Did you know that there was a fuel-cell equipped vehicle rolling along at the GM Technical Center—in 1966?
It was the GM Electrovan. It was based on a GMC Handivan. It used a fuel cell produced by Union Carbide, which consisted of 32 modules which, along with hydrogen and oxygen tanks and a reservoir of electrolyte, pretty much filled the space in the Handivan, such that what had been a vehicle with seating for six was left with the two front seats.
But the Electrovan, which was shown in addition to GM officials and members of the press in October 1966, only had one driver. And was driven once.
The story of the development of the Electrovan is remarkable. The project took 10 months—10 months because, as Floyd Wyczalek, one of the team members who created the vehicle (yes, he is 92 years old), explains on this edition of “Autoline After Hours,” the team was told they had 10 months.
According to Wyczalek, back in the early 1960s GM executives wanted to develop zero-emissions vehicles. The first project was an electric vehicle—the Electrovair. It was based on a Corvair. (There were two of these produced.) Then, using learnings from that project, a team, under the direction of Dr. Craig Marks, set about to create a fuel cell vehicle.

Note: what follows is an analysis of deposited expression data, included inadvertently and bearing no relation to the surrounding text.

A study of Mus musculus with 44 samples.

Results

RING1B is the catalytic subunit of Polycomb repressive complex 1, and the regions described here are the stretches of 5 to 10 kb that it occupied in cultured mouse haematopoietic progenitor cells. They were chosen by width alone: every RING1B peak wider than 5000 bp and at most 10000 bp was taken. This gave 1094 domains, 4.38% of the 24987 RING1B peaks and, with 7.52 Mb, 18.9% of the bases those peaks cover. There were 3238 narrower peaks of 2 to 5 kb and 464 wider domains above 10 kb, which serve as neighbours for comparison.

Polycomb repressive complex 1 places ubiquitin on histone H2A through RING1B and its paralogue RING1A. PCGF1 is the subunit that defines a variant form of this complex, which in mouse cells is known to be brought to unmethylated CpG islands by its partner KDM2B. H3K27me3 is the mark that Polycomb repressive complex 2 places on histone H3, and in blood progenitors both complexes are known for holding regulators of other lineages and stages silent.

If you think about that time, you’ll realize that this is when NASA was developing the Apollo spacecraft, which utilized fuel cells for creating electricity. Wyczalek and team also took learnings from NASA.
It is an absolutely remarkable story. So Autoline’s John McElroy and I spend an entire hour talking with Wyczalek about the work he’d done more than 50 years ago.
And to bookend the conversation, we’re joined by Charlie Freese, executive director of GM’s Global Fuel Cell Activities, the man who has the responsibility to develop fuel cell technology for today—and tomorrow.
Freese talks about Project Driveway, during which GM had a fleet of Chevy Equinoxes equipped with fuel cell propulsion systems that racked up some 3.1-million road miles, as well as the Colorado ZH2, an off-road-capable fuel-cell powered vehicle that was developed with the U.S. Army Tank Automotive Research, Development and Engineering Center and introduced last October (approximately 50 years after the Electrovan).
And Freese talks about how insights from Wyczalek are valued by the team working on fuel cells today.
I think that ever “Autoline After Hours” show that we do is worth your while. But if you have any interest in automotive history, any interest in the future of the auto industry, then this is a show unlike anything you’ll be able to see anywhere else.